Julian Simioni

I Accidentally Learned Functional Programming From Ruby

About a year and a half ago, over ten years into my career as web developer, but with only about six months of using web frameworks of any kind, I made the deliberate choice to switch from Python to Ruby. My reasoning was short and simple: I had heard far too many people say good things about Ruby on Rails, and how it was better than Django (that’s a debate for another blog post).

I didn’t really care for Ruby’s syntax, thought Bundler, RVM, rbenv, and co were far more confusing than pip and virtualenv1, and especially thought the entire mantra of writing code to almost read like English was laughable (things like 5.times especially irritated me).

In short, I expected to essentially carry on programming just like before, except possibly with better tools to help me along. That’s not quite what happened.

Initially little changed. My for i in items: was replaced with for i in items do, but did exactly the same thing. But questions started coming. Why did Ruby have do/end AND curly braces? Why were loop counter variables sometimes enclosed in vertical bars? Why did every damn thing include Enumerable?

As I worked with Ruby more and looked around at code written by more seasoned Rubyists, I noticed something even more strange: no one seemed to use for loops at all. It didn’t even save any typing (clearly the most important thing to Ruby programmers), yet items.each do |i| was universally preferred.

Furthermore, Rubyists seemed to hate creating variables. Class methods were short, and seemed to just take an input, massage it in some small way, and – without even the courtesy of an explicit return statement – pass it on to the next thing. My C++ trained brain longed to see variables created simply to iterate through arrays. Instead all I got were calls to map. I found myself using each_with_index just to stay comfortable, without even needing to use an index.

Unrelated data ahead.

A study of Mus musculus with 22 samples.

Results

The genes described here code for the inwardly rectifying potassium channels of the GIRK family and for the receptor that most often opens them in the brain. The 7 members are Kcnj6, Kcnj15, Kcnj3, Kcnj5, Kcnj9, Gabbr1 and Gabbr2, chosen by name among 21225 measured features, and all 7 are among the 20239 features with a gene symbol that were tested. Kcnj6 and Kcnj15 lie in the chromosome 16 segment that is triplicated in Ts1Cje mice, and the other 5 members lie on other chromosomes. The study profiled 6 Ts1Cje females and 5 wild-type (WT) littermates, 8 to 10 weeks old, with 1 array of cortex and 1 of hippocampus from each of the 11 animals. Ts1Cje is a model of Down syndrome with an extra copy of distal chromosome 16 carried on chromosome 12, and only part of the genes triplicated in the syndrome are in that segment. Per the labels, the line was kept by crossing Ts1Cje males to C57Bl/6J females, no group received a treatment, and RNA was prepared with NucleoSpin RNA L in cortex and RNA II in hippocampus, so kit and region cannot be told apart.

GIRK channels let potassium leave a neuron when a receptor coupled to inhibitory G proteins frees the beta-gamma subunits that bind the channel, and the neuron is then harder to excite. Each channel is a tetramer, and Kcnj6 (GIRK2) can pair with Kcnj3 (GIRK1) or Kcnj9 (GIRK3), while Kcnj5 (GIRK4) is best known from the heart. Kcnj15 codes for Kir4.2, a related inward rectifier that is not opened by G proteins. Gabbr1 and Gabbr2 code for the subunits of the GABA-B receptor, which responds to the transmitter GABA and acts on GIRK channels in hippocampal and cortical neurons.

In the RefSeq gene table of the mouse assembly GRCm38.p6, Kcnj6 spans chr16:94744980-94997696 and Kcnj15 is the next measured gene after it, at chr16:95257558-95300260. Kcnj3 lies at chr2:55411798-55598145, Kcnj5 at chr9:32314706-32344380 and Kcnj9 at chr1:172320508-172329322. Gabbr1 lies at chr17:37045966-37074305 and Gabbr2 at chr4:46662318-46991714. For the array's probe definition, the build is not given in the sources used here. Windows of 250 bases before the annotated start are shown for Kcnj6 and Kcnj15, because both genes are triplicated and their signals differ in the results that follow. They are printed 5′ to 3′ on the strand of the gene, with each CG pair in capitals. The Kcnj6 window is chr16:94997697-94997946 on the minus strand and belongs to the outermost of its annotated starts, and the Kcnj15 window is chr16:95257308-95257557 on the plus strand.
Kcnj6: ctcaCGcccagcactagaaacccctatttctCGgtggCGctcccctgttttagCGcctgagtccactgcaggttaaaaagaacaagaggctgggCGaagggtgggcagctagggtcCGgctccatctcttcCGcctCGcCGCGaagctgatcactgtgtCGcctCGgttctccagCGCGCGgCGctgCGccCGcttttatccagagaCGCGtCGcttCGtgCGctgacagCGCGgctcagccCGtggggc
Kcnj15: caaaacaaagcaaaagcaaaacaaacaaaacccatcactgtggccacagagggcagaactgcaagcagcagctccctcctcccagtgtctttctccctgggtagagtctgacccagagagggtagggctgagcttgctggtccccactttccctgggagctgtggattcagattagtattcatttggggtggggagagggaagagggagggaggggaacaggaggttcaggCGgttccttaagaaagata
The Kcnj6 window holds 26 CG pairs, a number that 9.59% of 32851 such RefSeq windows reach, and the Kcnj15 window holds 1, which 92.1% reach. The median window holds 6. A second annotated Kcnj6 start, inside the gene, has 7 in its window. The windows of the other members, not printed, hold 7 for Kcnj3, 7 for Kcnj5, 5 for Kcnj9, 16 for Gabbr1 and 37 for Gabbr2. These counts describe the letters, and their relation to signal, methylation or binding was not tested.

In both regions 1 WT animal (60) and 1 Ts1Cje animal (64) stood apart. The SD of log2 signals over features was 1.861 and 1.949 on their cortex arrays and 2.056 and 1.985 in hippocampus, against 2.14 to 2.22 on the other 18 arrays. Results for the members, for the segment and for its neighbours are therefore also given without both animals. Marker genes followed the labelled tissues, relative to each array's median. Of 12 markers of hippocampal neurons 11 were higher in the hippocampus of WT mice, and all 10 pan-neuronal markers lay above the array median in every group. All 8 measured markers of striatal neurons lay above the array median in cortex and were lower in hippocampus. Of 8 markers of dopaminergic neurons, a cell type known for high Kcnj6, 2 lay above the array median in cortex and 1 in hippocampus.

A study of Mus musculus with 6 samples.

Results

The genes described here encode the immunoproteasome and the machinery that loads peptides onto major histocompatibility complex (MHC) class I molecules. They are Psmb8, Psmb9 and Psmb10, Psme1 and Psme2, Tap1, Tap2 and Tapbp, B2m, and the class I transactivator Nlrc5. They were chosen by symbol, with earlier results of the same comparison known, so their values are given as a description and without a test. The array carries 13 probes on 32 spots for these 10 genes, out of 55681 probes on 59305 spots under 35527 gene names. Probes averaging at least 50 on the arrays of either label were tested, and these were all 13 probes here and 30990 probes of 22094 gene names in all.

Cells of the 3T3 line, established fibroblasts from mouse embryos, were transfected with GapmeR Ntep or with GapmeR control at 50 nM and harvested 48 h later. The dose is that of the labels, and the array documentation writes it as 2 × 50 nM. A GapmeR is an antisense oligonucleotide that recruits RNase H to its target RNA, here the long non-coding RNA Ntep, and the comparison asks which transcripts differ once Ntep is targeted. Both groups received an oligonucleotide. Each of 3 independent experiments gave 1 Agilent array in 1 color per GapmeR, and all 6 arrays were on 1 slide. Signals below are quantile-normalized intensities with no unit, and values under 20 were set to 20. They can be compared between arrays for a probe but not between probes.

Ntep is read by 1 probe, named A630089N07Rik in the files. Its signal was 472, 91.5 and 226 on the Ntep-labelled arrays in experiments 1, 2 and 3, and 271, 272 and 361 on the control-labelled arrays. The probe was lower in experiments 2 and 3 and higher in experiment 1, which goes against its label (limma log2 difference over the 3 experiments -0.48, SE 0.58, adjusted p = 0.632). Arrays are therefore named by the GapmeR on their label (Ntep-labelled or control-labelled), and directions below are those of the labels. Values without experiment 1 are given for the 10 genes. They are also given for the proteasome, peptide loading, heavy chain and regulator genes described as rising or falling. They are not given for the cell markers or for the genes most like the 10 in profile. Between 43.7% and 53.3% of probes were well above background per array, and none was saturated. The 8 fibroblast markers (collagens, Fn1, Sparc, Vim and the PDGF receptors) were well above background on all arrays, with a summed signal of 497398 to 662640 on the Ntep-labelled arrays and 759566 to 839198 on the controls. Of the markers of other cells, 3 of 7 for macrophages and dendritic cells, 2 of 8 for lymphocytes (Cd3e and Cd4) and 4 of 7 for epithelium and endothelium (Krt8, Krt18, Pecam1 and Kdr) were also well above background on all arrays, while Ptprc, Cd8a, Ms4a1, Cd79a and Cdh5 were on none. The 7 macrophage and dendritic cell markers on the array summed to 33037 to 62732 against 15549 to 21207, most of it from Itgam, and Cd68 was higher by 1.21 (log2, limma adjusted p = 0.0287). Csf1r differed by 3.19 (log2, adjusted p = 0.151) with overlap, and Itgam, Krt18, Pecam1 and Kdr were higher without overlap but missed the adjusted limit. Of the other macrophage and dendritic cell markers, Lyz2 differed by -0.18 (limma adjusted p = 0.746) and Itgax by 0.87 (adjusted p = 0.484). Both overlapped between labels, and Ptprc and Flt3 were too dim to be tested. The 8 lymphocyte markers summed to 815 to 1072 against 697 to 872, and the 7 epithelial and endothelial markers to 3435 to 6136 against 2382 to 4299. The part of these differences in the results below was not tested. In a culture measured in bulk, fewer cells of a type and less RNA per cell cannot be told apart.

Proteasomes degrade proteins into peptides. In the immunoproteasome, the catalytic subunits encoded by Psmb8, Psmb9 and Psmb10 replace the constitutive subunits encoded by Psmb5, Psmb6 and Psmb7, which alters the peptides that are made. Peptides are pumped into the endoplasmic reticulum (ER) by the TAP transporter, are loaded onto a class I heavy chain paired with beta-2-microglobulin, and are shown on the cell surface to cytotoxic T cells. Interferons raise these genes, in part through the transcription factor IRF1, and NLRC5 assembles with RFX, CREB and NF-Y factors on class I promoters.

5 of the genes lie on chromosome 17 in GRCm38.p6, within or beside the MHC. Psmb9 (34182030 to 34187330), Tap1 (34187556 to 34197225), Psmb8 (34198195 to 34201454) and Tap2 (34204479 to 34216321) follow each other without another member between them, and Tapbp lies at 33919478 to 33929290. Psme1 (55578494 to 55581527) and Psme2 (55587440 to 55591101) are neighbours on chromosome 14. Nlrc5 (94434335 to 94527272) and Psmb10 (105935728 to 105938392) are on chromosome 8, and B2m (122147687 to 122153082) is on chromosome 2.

As time went on though, I began to appreciate the conventions the Ruby community had adopted. There was great clarity to be had in concentrating on what was being done – transforming some data –, rather than how it was done – by iterating through every element in some sort of collection and doing the same thing to each element. My code was shorter, but more importantly, it was more obvious what it was doing, and why it was doing it.

Meanwhile, a movement was brewing in the programmer community at large. “Learn functional programming” they said. “Down with side-effects.” “Bow to your higher-order function gods”. I took note to read up on it some time and kept on coding.

Later, as I was also becoming better with Javascript, a language I had first learned a decade before and dismissed as poorly designed, I finally started getting comfortable when I discovered Underscore.js and Backbone and immediately was comfortable with their powerful collection utilities. “Finally, someone has brought the power of Ruby Enumerable’s to Javascript”, I thought.

The functional programming proponents are at least as numerous in the land of Javascript, so this was about when I really decided to take a look and see what they had to offer. To my astonishment, everything I read about functional programming wasn’t talking about anything new, but simply giving names to things I already did.

It was then that I realized many of the things I loved about Ruby weren’t Ruby things at all. They were functional programming things. Underscore didn’t bring the power of Ruby to Javascript, it brought the power of functional programming.

  1. I’ve completely reversed that decision and can’t imagine leaving my Gemfiles behind for requirements.txt. It seems silly that one would install packages, then write the list of installed packages to a file for later, instead of just writing a list of packages to install.